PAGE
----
OSU football: Chekwa finishes where he started
The first time Chimdi Chekwa's name appeared in newspapers was long before he became a standout cornerback for Ohio State.
It goes back years before he was featured for helping East Ridge High School in Clermont, Fla., reach the state playoffs in 2004 and 2005, and for the recruiting interest that followed.
Instead, the initial public mention of Chekwa occurred in June 1997, when the New Orleans Times-Picayune ran a list of which students earned the highest grades in the 1996-97 school year at Westbank Cathedral Elementary School.
Chekwa was among the third-graders so honored.
Later, the papers mentioned his helping Westbank win the boys flag football championship. He then appeared on the honor roll at Ellender Middle School, and for helping Ellender win a track and field championship.
Chekwa spent nearly 14 years of his life in the New Orleans area, which makes next Tuesday's Sugar Bowl appearance against Arkansas a special game for the fifth-year senior and his family.
He will play his last collegiate game in the city where he first played the sport.
"We have fond memories there," said his father, Charles Chekwa. "He's going where the whole thing started for him."
Charles and Eunice Chekwa raised six kids, moving from Mississippi to New Orleans when Chimdi was a baby, then in 2002 to the Orlando, Fla., area, where they still live.
One of Chimdi's brothers, Chukwu, lives in Lafayette, La., about two hours west of New Orleans, and the family has plenty of friends in the area, as well. Chimdi said he still considers New Orleans home.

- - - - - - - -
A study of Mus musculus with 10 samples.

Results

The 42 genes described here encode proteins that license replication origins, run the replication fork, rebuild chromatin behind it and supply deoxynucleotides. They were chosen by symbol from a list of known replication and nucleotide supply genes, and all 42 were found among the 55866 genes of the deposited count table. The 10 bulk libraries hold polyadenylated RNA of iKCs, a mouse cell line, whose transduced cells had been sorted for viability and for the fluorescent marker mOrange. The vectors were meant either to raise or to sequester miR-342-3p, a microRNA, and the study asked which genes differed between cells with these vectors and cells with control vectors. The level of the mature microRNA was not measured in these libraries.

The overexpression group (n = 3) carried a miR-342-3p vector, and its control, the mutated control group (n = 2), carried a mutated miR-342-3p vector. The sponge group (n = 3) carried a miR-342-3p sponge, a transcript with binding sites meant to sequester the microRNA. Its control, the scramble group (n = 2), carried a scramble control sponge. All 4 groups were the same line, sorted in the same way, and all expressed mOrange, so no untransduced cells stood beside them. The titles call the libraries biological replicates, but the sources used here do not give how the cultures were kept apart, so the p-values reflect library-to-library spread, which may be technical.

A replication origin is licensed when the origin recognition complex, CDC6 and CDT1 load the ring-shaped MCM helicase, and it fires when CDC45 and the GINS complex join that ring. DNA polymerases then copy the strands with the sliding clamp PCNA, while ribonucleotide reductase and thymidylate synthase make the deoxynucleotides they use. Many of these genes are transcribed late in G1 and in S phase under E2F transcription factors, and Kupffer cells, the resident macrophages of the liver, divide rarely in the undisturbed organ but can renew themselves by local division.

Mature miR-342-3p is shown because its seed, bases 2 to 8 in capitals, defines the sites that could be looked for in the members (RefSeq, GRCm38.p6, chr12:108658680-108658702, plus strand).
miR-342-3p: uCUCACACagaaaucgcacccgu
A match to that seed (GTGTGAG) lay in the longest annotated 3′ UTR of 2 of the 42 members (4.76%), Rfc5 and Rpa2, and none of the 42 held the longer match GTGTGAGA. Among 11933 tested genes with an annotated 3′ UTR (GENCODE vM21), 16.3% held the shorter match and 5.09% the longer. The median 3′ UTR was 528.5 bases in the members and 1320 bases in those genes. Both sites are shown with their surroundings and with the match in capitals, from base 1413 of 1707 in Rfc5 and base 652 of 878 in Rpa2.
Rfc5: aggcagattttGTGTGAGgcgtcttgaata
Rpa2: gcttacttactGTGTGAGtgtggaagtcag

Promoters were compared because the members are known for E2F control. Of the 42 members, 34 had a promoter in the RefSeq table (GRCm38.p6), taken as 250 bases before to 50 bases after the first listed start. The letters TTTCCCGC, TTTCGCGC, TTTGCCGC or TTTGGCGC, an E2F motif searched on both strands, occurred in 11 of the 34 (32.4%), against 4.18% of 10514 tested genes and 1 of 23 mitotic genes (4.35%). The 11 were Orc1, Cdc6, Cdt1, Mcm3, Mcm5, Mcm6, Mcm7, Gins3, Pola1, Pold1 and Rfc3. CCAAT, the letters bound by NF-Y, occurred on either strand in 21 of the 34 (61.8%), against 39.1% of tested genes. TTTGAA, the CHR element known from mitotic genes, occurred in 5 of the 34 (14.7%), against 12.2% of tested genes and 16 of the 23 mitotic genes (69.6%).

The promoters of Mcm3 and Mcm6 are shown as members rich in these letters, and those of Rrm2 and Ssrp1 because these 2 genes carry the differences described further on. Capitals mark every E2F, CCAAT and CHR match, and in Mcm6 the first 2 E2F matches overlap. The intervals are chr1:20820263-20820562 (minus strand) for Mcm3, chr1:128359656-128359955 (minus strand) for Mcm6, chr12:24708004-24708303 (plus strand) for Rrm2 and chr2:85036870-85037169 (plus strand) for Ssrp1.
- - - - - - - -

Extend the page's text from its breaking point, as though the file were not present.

"All my family are in the South, so a lot of them will be able to come to the game and support me," he said. "It's a good little homecoming for me."
And to make it sweeter, he's coming home as an All-American. Chekwa was named to the second team this season by the Walter Camp Foundation.
It's not surprising when viewing his career on paper: Since earning regular time as the nickel back as a redshirt freshman in 2007, he has compiled 38 starts. He has 31 passes defensed and six interceptions, including three this season.
But it hasn't all been sweetness and light. Chekwa slumped late in his junior season in 2009, giving up some plays and committing his share of pass interference penalties.
"Chim is a very good ballplayer, you can't take nothing from him," safety Jermale Hines said. "I mean, guys caught a couple balls on him, but hey, it's football - he's in man-to-man coverage, a lot of guys are going to catch balls on you."
As a senior, Chekwa rebounded, although still flagged at times. He was noticeably more physical, both in the run game and battling with receivers. The Buckeyes are fourth nationally in pass defense (156.3 yards per game) and lead the Big Ten in pass-defense efficiency.
Chekwa is a modest guy. He said he felt his All-American award might have been based more on the defense's prowess as a unit.
"The entire defense played real good," he said, "so I really feel like I'm representing the defense in this honor."
He might be right. OSU lacked big-name stars, so voters might have looked at the Buckeyes' success and figured somebody must be doing something right.
"He's a workmanlike guy, just a quiet guy that is always where he's supposed to be and doing what he's supposed to do," coach Jim Tressel said. "I think he's deserving of the recognition."
As a high school senior, Chekwa had scholarship offers from virtually every Atlantic Coast Conference school, as well as several in the Southeastern Conference. He chose Ohio State because of the long history of Buckeyes cornerbacks who went to the NFL, from Shawn Springs to Antoine Winfield to Nate Clements to Malcolm Jenkins, who now plays for Chekwa's favorite team, the New Orleans Saints.
"I'm happy to be able to uphold the tradition, but I've still got one more job to do," Chekwa said. "After I'm done, I'll be able to look back at what I've done and be a little more excited about it."